Statement - Apology to Australia's Indigenous Peoples: 13th Anniversary
The national apology in 2008 was very much overdue. It was delivered years after every other state and territory issued their apologies. When it was finally delivered in this place, it was an important acknowledgement of the suffering and devastation wrought by past government policy, a policy of forcible removal and assimilation of Aboriginal and Torres Strait Islander children. The national apology was important for healing. But the horrible legacy of those callous policies continues to this day. The harm of being ripped away from family, land and culture passes through generations. An apology was important, but it was only a beginning and not an end.
On many fronts, we are still in the process of making amends. We are yet to close the gap on several health and social determinants, and, until that is done, the apology remains a symbolic act of unfinished business. There are so many adverse health and welfare ills that disproportionately afflict Indigenous people—for instance, rheumatic heart disease. In estimates last year, I asked what was being done nationally about this serious disease. Rheumatic fever and heart disease are rare in Australia unless you're Indigenous. Young children living in remote areas are at particular risk. It is absolutely a preventable condition. It is also a condition brought on by poverty, crowded living conditions and limited medical care. It seems incredible to me that we are battling what is essentially a Third World condition in a First World nation.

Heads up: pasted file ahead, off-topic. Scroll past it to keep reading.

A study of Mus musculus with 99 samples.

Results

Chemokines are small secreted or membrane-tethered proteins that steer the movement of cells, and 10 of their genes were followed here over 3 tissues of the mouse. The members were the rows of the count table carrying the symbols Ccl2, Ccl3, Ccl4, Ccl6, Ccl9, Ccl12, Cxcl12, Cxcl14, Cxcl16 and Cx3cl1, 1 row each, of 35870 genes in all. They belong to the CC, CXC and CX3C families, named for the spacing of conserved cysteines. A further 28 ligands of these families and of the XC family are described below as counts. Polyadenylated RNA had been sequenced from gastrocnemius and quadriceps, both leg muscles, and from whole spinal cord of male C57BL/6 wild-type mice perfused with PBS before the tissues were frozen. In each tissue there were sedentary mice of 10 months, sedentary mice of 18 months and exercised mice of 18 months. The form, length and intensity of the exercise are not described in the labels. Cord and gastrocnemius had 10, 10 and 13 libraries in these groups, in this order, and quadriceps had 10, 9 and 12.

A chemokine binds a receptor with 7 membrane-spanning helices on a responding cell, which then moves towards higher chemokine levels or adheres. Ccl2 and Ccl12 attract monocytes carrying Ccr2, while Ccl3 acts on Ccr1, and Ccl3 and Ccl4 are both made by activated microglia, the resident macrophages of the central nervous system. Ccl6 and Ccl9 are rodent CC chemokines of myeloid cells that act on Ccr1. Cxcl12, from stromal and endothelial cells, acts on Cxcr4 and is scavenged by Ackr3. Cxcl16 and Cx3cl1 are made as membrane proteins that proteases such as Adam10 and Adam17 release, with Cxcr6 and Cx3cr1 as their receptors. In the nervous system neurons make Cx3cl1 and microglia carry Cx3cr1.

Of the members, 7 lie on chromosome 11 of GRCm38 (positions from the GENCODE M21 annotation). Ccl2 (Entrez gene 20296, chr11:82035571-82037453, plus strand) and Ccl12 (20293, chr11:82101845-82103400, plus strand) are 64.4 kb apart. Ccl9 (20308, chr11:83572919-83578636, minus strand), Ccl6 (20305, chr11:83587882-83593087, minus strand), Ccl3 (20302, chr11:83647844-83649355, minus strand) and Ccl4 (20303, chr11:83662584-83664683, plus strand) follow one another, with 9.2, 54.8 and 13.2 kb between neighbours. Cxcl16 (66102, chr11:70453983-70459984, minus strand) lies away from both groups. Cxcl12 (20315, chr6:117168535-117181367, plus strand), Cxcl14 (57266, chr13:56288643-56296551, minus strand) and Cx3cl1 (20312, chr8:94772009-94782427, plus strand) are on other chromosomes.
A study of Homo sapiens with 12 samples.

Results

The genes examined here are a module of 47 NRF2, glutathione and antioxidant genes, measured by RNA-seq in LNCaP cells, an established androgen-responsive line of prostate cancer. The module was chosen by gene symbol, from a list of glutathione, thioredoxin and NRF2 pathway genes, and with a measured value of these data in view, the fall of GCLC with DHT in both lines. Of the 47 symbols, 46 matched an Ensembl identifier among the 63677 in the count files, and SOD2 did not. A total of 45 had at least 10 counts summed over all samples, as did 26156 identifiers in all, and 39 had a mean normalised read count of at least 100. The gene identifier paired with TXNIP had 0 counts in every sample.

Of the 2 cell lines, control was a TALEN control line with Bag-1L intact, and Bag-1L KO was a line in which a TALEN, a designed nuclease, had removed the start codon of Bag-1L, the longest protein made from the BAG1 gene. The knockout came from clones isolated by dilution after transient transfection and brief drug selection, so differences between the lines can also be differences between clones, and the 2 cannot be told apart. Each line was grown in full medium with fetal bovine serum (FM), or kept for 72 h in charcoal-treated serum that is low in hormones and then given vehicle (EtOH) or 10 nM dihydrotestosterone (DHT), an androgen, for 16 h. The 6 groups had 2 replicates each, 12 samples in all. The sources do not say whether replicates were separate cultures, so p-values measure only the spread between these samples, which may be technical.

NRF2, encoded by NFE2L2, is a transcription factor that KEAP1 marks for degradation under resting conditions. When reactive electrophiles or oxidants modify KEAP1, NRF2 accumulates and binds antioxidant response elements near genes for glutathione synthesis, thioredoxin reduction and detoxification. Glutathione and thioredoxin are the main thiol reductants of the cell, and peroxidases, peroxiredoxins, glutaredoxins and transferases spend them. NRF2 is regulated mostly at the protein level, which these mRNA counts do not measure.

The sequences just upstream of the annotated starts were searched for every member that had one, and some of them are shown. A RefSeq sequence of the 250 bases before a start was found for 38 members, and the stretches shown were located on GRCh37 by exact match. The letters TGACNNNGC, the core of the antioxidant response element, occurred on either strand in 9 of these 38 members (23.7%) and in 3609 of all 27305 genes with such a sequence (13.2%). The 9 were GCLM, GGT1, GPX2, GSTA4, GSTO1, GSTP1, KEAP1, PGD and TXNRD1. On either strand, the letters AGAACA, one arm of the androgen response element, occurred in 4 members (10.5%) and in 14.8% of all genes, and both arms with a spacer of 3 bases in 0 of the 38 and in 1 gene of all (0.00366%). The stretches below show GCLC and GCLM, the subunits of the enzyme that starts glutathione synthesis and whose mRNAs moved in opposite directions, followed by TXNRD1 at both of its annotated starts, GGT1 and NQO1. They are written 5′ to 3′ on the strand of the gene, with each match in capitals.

While today we commemorate the national apology, we can't simply mark the occasion in our collective calendars and then move on to business as usual. There are things that we can all do, things that we must do, starting with speaking up against casual racism when we see it and holding those in power to account. I'm confident we will eventually close the gap in attitudes, services and prospects. I am hopeful that, in my lifetime, all Indigenous people around Australia will be able to enjoy the same opportunities and life outcomes that many other Australians take for granted. But progress remains way too slow. Good intentions and the symbolism of the national apology are important, but what matters more is the action we take in response.